A new survey finds the key to accomplishing a goal is in finding the right reason to set it

Health motivated goals are easier to keep than financially motivated goals, survey says.
Health motivated goals are easier to keep than financially motivated goals, survey says.

The survey found those who set health goals for the purpose of saving money were the people most likely to give up. Those who were primarily focused on improving their health were not as likely to give up.

On average, survey participants gave up on goals before 17 weeks, meaning if it was a New Years’ Resolution, they’d give up by April 24th. Dieting goals had the least longevity, with most of those surveyed giving up in less than 14 weeks.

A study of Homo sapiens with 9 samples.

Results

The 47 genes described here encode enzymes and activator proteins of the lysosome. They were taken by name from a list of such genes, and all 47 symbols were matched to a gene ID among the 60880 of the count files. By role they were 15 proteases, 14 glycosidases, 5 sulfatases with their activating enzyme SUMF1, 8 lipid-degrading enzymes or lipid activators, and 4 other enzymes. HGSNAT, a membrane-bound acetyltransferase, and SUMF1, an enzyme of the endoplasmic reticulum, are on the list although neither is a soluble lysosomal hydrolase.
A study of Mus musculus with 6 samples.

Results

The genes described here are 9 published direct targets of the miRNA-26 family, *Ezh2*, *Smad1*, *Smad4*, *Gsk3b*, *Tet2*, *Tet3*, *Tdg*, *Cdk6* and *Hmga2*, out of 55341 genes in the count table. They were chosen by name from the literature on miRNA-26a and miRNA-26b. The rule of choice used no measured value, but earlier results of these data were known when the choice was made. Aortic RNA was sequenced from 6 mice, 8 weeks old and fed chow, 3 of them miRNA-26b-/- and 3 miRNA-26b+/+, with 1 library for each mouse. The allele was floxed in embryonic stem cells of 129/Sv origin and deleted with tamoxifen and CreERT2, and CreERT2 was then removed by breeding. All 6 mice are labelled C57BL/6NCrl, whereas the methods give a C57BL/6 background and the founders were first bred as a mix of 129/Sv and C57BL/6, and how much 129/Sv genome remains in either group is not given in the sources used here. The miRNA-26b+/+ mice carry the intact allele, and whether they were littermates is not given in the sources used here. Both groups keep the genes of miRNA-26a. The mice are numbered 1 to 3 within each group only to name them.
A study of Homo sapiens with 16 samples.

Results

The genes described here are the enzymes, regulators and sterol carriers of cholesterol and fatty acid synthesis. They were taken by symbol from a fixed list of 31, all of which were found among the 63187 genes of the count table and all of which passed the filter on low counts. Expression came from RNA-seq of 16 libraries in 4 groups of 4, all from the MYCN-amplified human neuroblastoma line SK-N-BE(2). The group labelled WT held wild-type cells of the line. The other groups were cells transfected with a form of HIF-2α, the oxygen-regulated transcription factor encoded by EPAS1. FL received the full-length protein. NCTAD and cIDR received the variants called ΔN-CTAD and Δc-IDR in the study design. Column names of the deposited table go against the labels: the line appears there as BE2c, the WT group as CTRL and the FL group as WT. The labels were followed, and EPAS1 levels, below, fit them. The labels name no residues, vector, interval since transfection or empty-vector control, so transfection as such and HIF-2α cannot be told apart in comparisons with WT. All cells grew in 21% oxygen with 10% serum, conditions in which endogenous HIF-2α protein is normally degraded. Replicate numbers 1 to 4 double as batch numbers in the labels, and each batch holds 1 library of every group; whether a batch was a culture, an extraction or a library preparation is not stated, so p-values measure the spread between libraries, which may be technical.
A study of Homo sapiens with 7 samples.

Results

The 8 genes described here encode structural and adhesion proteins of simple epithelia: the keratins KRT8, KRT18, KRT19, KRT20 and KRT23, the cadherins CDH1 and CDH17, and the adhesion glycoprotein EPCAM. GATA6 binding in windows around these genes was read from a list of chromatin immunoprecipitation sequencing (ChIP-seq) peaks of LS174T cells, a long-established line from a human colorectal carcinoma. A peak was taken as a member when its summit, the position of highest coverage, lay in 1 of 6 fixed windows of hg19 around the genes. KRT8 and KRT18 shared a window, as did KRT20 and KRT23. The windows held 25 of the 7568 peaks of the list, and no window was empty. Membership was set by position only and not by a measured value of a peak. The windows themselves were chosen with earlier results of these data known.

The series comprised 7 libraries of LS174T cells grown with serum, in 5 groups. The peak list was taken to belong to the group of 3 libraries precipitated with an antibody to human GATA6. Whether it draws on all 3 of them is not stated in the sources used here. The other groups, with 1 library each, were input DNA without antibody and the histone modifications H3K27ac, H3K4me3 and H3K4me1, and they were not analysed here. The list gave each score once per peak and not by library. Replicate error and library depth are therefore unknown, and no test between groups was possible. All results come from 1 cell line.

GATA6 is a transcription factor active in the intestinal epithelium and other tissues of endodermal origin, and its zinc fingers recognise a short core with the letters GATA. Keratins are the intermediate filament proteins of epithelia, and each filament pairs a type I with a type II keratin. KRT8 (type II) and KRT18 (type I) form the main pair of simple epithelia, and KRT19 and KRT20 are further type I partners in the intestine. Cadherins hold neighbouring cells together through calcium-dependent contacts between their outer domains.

Millennials led the way in reducing alcohol consumption, according to the study. More than half of the millennials surveyed set goals to reduce or quit alcohol consumption. Reducing alcohol consumption was the fifth most popular health goal overall, after eating healthier, exercising more, losing weight and walking more.

Sixty-seven percent of respondents said lack of discipline was their biggest obstacle to accomplishing their goals, but only 29% of respondents reported giving up on their goals.

Corie Colliton, the project manager for Treadmill Reviews — the company sponsoring the survey — shared the company’s discovery that people who set more specific resolutions like “exercise for 30 minutes two times a week” instead of “exercise more” were more likely to keep that commitment.

“Starting small and putting specific benchmarks on your goals will help you build confidence and momentum,” Colliton told the Deseret News in an email. “Once you reach your small goals, raise the bar.”